While uncertainty reigns on the timing and content of new farm policy legislation, various interest groups are sparring over some of the particulars of proposed legislation.
One item drawing a lot of attention this year is crop insurance, which is being administered under existing policy for claims on 2012 crop losses.
A weekly update published online on behalf of the crop insurance companies points out that farmers have invested some $4 billion this year while purchasing crop insurance through more than 1.2 million policies. Those policies include a potential $115 billion in liability protection.
Due mainly to crop losses caused by drought and some early season freezes, the crop insurance industry has already paid out more than $1.4 billion in claims for this year. The industry operates with about 15,000 private crop insurance agents and 5,000 loss adjusters.
During 2011, a record of nearly $11 billion was paid on crop insurance claims. Insurance was obtained on approximately 266 million acres with a total liability of $114 billion on 128 different crops in all 50 states.
Estimates, counterclaims, and fears abound as harvest of the drought-ravaged 2012 proceeds and losses are tallied. Losses might increase in northern states where immature crops were hit by an early killing freeze this week.
In its Sept. 18 update, the crop insurance industry noted that 54 percent of the country was still in moderate drought or worse. "Crop insurance is helping farmers pick up the pieces," it noted.
While the crop insurance has indicated that it has the resources to cover claims lodged for 2012, the American Enterprise Institute (AEI) fears that too much of the financial load will be thrust onto taxpayers either this year or certainly in subsequent years if proposed farm policy legislation is approved.
The AEI is a conservative think tank, which calls attention to public spending it believes is excessive or unnecessary.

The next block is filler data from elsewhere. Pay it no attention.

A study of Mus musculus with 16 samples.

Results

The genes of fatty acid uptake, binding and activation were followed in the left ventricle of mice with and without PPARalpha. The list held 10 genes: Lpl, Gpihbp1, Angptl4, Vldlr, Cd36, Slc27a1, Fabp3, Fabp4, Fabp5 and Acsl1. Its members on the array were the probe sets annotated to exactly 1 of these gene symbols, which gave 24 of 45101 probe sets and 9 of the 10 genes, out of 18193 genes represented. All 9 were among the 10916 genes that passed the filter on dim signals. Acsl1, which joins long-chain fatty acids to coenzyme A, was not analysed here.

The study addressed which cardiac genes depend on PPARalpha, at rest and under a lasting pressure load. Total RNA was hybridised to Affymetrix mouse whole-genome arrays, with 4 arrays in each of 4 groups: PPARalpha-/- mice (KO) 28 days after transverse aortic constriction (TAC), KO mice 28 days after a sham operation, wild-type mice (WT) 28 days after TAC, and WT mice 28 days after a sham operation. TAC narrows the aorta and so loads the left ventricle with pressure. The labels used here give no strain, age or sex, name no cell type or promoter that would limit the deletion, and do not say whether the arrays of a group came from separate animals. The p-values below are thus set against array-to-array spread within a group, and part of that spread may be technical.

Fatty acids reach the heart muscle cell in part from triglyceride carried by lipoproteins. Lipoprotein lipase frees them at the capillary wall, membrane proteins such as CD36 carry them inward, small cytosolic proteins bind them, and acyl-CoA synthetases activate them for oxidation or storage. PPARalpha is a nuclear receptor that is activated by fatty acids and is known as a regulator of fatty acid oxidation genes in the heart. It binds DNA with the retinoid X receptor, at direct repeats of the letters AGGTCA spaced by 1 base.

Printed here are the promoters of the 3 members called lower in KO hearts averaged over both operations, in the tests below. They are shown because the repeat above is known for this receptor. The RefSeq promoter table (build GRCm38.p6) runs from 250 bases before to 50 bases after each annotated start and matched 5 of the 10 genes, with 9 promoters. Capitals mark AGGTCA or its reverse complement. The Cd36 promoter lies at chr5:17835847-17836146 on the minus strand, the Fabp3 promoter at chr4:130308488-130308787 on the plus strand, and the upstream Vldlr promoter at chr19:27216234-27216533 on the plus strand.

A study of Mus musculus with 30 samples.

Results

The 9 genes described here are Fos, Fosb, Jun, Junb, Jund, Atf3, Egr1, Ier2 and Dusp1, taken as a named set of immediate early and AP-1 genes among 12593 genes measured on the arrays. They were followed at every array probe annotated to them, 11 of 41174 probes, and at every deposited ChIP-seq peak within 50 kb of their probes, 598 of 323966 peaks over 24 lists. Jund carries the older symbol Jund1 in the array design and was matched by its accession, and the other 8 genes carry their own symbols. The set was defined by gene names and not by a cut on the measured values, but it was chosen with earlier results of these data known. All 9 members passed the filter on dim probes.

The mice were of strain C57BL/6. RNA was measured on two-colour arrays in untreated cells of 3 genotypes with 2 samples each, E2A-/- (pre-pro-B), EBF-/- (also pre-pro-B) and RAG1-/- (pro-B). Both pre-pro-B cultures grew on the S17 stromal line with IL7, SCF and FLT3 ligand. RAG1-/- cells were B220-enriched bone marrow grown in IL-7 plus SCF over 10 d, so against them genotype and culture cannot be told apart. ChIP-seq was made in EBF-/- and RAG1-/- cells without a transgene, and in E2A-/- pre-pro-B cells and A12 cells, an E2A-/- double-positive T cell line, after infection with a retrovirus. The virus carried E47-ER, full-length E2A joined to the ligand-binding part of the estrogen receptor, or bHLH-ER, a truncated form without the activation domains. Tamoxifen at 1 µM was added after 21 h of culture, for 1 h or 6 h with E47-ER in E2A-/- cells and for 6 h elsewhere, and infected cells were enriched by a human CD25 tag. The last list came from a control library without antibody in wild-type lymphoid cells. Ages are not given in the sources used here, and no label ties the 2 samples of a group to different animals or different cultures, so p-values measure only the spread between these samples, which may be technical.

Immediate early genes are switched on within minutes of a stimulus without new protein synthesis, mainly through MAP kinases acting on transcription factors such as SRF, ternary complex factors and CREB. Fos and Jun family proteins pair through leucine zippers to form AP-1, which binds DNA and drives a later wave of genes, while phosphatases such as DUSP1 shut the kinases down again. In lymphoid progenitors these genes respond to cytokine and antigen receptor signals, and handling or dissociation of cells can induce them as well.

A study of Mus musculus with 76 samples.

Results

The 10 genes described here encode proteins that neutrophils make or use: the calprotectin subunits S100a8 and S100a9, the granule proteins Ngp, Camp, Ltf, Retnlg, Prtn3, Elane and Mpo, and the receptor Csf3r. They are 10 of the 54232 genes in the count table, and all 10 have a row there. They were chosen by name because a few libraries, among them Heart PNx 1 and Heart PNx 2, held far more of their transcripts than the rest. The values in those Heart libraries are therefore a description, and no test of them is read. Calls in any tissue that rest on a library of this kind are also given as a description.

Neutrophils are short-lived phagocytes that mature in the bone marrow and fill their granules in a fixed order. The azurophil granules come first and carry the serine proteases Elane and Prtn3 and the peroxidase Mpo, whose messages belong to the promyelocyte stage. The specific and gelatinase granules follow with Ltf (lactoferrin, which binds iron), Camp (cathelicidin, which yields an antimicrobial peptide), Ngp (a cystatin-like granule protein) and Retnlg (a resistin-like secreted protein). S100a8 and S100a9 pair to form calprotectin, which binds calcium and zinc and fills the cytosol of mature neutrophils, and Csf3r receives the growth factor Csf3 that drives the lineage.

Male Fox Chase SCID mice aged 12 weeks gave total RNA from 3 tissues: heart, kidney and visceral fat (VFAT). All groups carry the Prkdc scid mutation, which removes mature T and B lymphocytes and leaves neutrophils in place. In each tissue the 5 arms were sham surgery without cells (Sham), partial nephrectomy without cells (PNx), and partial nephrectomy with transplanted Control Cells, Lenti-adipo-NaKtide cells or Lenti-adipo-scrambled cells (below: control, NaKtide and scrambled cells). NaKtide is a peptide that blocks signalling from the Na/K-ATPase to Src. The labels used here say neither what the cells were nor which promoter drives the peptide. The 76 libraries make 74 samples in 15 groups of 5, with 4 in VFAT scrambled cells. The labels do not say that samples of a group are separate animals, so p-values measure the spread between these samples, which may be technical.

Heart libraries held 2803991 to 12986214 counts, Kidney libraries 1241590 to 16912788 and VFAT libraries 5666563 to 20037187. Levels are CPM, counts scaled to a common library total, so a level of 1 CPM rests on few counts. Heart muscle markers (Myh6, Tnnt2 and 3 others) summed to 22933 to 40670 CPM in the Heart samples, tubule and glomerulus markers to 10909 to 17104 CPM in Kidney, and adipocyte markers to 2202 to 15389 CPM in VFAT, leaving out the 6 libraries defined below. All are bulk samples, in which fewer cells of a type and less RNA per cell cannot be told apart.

In a working paper released earlier this month by three of its agricultural economists, the AEI stated that the price level coverage (PLC) and supplementary coverage option (SCO), which are innovations and new terminology in the House of Representatives' version of the farm bill, approved only by its agriculture committee so far, have the potential of costing taxpayers more than $20 billion per year.
That would happen, AEI agricultural economists Vincent Smith, Bruce Babcock, and Barry Goodwin calculated, if crop prices would drop to their recent historical averages.
They indicated that the program costs of PLC alone could top $18 billion per year - nearly four times what has been paid out under the direct payments program that PLC would replace. They added, however, that if crop prices remained at their recent record or near record highs the annual payments would be close to $1.1 billion.
Regarding SCO and crop insurance, the AEI predicts annual payments of $2.6 billion if current high crop prices persist and of $1.5 billion if the prices return to recent historic levels.
The AEI also points out that SCO would provide the crop insurance industry with an additional $500 million in subsidies beyond the $3 billion it receives annually in conjunction with the existing crop insurance program.
On a related point, the AEI anticipates what it considers an unacceptably high $20 billion in annual spending on all farm programs if crop prices moderate to recent historic levels. The $20 billion would include direct and disaster payments, crop insurance subsidies, and crop storage loans.
In response to the numbers stated by the AEI, the crop insurance industry cites estimates by the Congressional Budget Office that PLC spending would average $1.6 billion over 10 years while the annual costs of SCO would average $300 million under the version of the farm bill already approved by the U.S. Senate and $400 million in the proposal being advanced by the House agriculture committee.
That would put the annual spending for those programs at close to $2 billion rather than a potential $20 billion, the crop insurance industry argues.
It also questioned the AEI claim of $3 billion per year in subsidies to the industry, indicating that those payments are designed to cover costs pertaining to program delivery and predicting that the industry would bear significant losses as this year's claims on crop losses are verified and paid.
The AEI also bases its claim of $3 billion per year in federal payments to the crop insurance industry on data selected from only a few years, the industry statement suggests.
It also observed that the payments made to farmers through various agricultural policy programs account for less than one percent of the federal budget.